From Springsteen to the Wu-Tang Clan
Taking It From the Streets
By LORENZO WOLFF
It sounds like the beginning of a joke. "What do Bruce Springsteen and The Wu-Tang Clan have in common?" At first glance, ripped blue jeans don't look much like Du-Rags and it's certainly hard to confuse black and white, but when I hear The River next to 36 Chambers I can't help but think that they have more similarities than differences.
Lets get real historical for a second. Springsteen has always been very straight-forward about who influenced his music. 50's Rock and Roll, 60's Soul and Phil Spector Girl Groups all helped inform his sound, and The River is a thrilling tribute to these styles. Listen to "Sherry Darling" and you'll hear a very deliberate nod to Gary U.S. Bonds and the style of music he created. 36 Chambers doesn't hide it's influences either. Listen to the samples that RZA used and you can hear what they were listening to, Syl Johnson on "Shame on a Nigga", Gladys Night on "Can It All Be So Simple", and the Charmels on "C.R.E.A.M.". Girl Groups and 60's Soul. These aren't just coincidences, Springsteen and RZA admire many of the same artists, and model their respective sounds after them.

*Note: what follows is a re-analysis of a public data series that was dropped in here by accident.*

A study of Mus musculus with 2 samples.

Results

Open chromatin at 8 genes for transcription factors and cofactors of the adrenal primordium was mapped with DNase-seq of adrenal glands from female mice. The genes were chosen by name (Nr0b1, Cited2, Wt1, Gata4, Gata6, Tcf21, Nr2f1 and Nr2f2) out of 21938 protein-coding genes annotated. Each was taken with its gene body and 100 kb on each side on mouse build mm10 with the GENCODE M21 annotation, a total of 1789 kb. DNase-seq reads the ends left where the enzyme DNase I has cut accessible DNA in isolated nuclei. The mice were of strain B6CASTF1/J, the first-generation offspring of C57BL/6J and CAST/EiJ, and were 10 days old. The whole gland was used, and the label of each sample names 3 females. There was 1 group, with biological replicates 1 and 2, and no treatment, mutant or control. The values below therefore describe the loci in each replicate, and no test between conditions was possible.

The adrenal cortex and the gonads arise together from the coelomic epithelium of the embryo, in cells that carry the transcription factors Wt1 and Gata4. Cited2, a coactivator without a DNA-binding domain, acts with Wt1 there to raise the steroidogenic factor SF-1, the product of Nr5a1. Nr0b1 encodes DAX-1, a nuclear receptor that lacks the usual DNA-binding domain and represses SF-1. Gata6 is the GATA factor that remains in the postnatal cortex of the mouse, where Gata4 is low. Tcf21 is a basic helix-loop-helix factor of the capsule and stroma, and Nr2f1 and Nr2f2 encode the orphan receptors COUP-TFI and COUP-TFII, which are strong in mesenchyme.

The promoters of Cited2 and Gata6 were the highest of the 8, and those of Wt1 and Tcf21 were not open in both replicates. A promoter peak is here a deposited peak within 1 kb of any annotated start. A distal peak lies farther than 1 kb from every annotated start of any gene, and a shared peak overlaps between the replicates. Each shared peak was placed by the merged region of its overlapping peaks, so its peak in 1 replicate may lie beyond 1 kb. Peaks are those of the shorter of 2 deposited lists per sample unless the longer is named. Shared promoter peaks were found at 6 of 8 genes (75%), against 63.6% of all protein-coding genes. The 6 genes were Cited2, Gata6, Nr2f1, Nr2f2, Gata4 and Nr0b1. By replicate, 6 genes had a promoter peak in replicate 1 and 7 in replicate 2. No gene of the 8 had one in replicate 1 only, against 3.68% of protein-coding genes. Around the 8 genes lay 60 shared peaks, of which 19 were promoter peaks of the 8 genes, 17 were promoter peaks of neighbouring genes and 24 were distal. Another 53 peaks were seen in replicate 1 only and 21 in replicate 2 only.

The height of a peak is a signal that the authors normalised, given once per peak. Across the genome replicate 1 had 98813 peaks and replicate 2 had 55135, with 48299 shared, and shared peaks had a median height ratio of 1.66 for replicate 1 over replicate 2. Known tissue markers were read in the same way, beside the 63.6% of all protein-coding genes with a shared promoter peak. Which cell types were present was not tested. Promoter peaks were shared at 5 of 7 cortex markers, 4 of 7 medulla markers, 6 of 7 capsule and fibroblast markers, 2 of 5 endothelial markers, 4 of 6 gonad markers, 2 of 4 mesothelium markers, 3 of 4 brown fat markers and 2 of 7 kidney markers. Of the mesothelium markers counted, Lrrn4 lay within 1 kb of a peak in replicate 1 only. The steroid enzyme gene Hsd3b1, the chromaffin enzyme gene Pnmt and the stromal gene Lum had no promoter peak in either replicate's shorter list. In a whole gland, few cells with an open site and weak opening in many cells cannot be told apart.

They also share the same audience. They both wrote music for the poor and disenfranchised in their neighborhood. Springsteen's songs were originally for the working class kids in southern New Jersey, a historically downtrodden part of America, and Wu Tang's songs were a shout-out to the poor ghetto kids in Staten Island, a historically downtrodden part of New York City. The uniforms are different and the era is different, but if you look closely the only thing that separates the two audiences is the color of their skin.
Most importantly Springsteen and Wu-Tang are talking about the same thing. Both The River and 36 Chambers are records about the culture that surrounds the lower classes. Songs like the title track of The River or Wu Tang's "Can It Be All So Simple" capture the sadness in the world that these artists come from. They're both frightening records, because they truthfully convey the desperation that comes with these lifestyles, but they're also joyous. Braggadocio is present in both albums, listen to Springsteen's "Out In The Street" next to "Ain't Nothin' Ta Fuck Wit". They're songs about being strong and proud from the perspective of a person from the streets.
So if it's a joke, it's got to have a punchline right? You have to know why the chicken crossed the road, or why the Rabbi and the Priest are in a bar together. I guess the payoff for this one, is: "Everything".